STUDY: Astronauts are FIVE times more likely to die from cardiovascular problems

The astronauts were pioneers, travelling into deep space as part of the lunar missions.

But the Apollo astronauts whose missions saw humans land on the moon suffered high levels of deep space radiation and are dying from cardiovascular problems, reports Daily Mail.

They are up to five times more likely to die from cardiovascular diseases than those who just orbited the Earth, according to a new study.

The Apollo spacemen were exposed to levels of cosmic radiation that have not been experienced by any other astronauts or cosmonauts orbiting around the Earth or in the international space station.

That exposure is now manifesting itself as cardiovascular problems, Florida State University scientists warn.

The study found over two fifths - 43 per cent - of deceased Apollo astronauts died from a cardiovascular problem which is four to five times higher than non-flight astronauts and astronauts who have travelled in low Earth orbit.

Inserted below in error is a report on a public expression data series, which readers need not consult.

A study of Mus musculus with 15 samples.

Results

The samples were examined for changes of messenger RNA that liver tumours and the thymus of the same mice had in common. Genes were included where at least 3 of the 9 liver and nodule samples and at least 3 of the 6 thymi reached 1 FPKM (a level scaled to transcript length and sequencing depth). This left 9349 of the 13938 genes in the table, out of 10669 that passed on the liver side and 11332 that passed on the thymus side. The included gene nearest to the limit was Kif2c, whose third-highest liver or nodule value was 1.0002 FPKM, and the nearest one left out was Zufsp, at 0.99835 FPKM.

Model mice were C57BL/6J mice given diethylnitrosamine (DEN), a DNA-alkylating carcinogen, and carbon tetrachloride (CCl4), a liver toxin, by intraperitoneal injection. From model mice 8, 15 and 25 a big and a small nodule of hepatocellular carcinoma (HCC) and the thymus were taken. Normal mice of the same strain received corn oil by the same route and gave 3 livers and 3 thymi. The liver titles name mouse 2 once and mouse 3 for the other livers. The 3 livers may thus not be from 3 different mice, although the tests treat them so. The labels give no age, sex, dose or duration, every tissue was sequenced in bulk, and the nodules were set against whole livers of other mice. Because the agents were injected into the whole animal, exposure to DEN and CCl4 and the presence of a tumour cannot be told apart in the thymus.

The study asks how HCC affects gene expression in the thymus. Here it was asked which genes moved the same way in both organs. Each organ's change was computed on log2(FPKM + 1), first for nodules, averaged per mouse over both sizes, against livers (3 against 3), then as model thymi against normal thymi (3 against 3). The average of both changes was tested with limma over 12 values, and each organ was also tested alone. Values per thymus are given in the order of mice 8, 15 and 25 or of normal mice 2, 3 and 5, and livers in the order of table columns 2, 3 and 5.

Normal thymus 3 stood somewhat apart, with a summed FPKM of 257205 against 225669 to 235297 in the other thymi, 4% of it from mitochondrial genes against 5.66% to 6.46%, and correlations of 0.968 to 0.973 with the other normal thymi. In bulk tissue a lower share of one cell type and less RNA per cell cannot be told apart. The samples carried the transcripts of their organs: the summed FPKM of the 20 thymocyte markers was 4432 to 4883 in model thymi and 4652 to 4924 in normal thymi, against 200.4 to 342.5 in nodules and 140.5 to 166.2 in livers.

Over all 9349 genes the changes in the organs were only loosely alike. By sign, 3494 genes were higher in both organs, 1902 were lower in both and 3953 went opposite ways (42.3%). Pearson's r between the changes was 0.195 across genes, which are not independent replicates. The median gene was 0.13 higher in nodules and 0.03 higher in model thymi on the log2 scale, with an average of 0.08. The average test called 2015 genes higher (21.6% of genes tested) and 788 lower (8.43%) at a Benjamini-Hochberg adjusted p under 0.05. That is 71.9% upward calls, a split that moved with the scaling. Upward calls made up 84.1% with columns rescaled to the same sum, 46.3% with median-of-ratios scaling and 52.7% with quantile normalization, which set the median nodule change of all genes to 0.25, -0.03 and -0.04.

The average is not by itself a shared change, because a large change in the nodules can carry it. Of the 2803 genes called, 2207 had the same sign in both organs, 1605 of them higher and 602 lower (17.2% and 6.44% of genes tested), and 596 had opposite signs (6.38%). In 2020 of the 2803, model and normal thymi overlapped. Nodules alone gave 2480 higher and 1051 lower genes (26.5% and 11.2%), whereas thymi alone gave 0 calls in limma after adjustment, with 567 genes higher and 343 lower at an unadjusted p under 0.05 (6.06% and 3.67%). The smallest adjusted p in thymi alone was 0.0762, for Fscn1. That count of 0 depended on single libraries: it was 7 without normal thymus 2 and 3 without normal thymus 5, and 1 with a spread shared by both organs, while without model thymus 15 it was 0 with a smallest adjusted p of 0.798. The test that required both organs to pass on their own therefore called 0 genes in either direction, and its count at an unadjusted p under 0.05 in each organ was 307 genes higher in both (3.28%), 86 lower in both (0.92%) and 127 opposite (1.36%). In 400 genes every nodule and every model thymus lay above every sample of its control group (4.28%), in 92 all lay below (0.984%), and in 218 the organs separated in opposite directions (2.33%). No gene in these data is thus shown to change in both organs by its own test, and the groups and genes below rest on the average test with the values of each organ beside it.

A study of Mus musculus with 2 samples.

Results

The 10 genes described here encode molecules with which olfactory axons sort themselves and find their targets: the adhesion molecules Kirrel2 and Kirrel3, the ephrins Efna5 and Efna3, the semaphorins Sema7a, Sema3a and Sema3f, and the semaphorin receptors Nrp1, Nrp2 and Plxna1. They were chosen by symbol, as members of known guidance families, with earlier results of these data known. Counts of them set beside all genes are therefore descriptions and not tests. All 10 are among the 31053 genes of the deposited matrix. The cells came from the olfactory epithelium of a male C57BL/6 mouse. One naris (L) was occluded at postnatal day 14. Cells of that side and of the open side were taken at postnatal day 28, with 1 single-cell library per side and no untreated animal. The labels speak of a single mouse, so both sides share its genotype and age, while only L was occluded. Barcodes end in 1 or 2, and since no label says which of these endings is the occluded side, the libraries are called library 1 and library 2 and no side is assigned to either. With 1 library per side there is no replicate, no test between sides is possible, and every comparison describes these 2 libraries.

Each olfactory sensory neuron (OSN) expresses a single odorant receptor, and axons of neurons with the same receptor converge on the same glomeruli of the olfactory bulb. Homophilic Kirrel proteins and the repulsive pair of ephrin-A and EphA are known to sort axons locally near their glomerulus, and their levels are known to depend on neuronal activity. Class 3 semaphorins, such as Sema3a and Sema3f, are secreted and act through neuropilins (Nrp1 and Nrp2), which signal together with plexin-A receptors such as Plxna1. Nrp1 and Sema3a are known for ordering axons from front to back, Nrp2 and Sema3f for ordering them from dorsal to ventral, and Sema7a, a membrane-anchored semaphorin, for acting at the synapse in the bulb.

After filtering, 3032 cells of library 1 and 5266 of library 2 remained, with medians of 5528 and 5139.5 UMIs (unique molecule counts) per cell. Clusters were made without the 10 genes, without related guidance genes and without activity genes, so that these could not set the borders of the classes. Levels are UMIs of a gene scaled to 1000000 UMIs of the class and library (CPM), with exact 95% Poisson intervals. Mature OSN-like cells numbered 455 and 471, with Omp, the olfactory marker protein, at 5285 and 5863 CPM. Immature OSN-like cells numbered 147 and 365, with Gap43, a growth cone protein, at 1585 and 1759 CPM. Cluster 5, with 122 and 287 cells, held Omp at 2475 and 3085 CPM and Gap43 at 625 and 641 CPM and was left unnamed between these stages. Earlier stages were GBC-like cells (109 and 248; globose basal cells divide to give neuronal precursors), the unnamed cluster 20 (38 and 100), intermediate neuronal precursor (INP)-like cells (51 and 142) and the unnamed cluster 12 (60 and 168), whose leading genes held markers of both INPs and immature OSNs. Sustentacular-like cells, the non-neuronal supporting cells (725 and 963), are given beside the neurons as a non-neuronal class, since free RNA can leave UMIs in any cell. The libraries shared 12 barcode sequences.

Of the 24 men who flew into deep space on the Apollo lunar missions, eight have died and seven were included in the study.

The eighth, Edgar Mitchell, died after the data analysis had been completed.  

Neil Armstrong, the first man to walk on the moon, died in 2012 aged 82 after complications following heart bypass surgery, while the two other crew members of Apollo 11, Buzz Aldrin and Michael Collins, are still alive.

The study also exposed mice to the type of radiation Apollo astronauts would have experienced.